The Westminster Assembly of Divines - Part I


The Westminster Assembly, it is well known, was convened by an ordinance of Parliament. In the year 1641 the ministers of London had petitioned both Houses to use their influence with the King to obtain a free Synod, for the purpose of taking under consideration the state of the country in regard to religious matters. The Grand Remonstrance of December 1 contained the following clause: ‘We desire that there may be a general Synod of the most grave, pious, learned, and judicious divines of this island, assisted with some from foreign parts, professing the same religion with us, who may consider of all things necessary for the peace and good government of the church.’ A Bill to the same effect, afterwards introduced into the Treaty of Oxford, was rejected by King Charles. And, after various unsuccessful attempts to obtain the royal concurrence, the Parliament found themselves compelled to convene the Assembly on their own responsibility, which accordingly they did by turning the bill into an ordinance.

An Advisory Assembly

In forming an accurate idea of the constitution of the Westminster Assembly, several elements must be taken into account: the character which it held, the authority by which it was called, the circumstances of the country at the time, the individuals of whom it was composed, and the end which it was designed to accomplish. It is, first of all, to be distinctly observed that the Westminster Assembly was not a church court. Its character was deliberative, consultative, advisory, not judicial or ecclesiastical. The very title of the ordinance has these words, ‘to be consulted with by the Parliament.’ The concluding sentence sets this matter at rest: ‘Provided always, that this ordinance or anything therein contained, shall not give unto the persons aforesaid, or any of them, nor shall they in this assembly assume to exercise any jurisdiction, power, or authority ecclesiastical whatsoever, or any other power than is herein particularly expressed.’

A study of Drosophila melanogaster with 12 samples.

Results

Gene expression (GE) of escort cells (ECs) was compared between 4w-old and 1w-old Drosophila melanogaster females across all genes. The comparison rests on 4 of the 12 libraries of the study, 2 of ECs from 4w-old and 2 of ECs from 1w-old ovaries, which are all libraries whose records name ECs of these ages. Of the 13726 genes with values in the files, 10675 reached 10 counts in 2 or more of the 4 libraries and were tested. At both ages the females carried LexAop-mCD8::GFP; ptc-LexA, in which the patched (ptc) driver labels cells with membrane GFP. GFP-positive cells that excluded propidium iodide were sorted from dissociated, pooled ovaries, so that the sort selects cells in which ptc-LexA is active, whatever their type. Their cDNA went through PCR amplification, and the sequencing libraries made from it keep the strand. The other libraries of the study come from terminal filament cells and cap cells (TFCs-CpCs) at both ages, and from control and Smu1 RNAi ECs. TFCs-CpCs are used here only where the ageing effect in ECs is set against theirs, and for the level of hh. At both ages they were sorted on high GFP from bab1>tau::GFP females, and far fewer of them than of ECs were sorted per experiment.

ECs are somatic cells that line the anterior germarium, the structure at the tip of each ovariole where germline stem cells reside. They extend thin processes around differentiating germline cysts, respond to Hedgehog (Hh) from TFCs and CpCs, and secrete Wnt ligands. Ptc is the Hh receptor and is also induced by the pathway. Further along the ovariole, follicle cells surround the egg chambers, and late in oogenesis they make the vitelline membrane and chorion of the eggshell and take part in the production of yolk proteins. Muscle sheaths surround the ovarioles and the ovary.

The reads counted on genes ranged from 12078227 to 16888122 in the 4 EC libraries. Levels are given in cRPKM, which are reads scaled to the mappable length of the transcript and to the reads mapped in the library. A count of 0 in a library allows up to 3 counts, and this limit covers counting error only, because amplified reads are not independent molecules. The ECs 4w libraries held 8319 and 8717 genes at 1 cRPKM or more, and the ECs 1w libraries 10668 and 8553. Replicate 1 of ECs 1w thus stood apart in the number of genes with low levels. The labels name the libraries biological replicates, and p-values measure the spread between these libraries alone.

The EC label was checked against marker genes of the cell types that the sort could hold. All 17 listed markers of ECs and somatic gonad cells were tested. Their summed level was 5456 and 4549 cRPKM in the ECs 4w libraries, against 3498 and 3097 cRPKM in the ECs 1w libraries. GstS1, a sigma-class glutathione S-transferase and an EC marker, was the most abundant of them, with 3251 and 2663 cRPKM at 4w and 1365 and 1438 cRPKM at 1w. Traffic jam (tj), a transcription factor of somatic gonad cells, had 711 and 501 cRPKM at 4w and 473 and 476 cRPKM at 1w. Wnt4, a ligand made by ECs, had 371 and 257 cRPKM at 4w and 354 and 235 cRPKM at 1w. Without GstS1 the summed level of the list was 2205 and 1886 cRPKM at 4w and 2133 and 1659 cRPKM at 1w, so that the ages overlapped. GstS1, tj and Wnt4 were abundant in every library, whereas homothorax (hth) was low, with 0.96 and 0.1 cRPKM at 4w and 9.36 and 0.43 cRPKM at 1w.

The Assembly, accordingly, assumed no authoritative power, claimed no right to enact or enforce, but professed only to hold consultation, to offer advice, to set forth opinions, without arrogating to itself any other influence over the sentiments and consciences of others than what necessarily belonged to the evidence, rational or scriptural, by which the statements put forth were supported. It was a Convocation rather than a Synod. This ought to be distinctly marked, and kept constantly in view. The circumstances of the case were such as to preclude its having an ecclesiastical character, agreeably either to the Prelatical (that is, the Episcopal), to the Presbyterian, or to the Independent form of church polity.

It is true that some things, which in another state of affairs might have properly fallen within the province of ecclesiastical courts, were transacted by the Assembly. Erroneous publications, particularly of an antinomian complexion, were examined and condemned, and the authors of them virtually censured. Trial discourses, by persons designed to supply the churches of the sequestered ministers, were heard and pronounced upon from time to time. But the Assembly, after the members had expressed their opinion, took no farther judicial step, but referred the ordination of the individuals in question to a committee appointed for this purpose, consisting of the ministers of London, who were invested with this power on the reasonable ground, that ‘in extraordinary cases something extraordinary might be done, keeping always so near to the rule as may be.’ Such things as these, however, did not, and could not, change the nature of the Assembly. And even had it, in its proceedings, deviated in some degree or for a time from its proper constitution – which we are not to be understood as conceding, excepting for the sake of argument – such deviation could not have sufficed to invest it with the quality of an ecclesiastical court, in express contravention of the enactment to which it owed its existence, and which, of course, must be held decisive of its true constitutional character.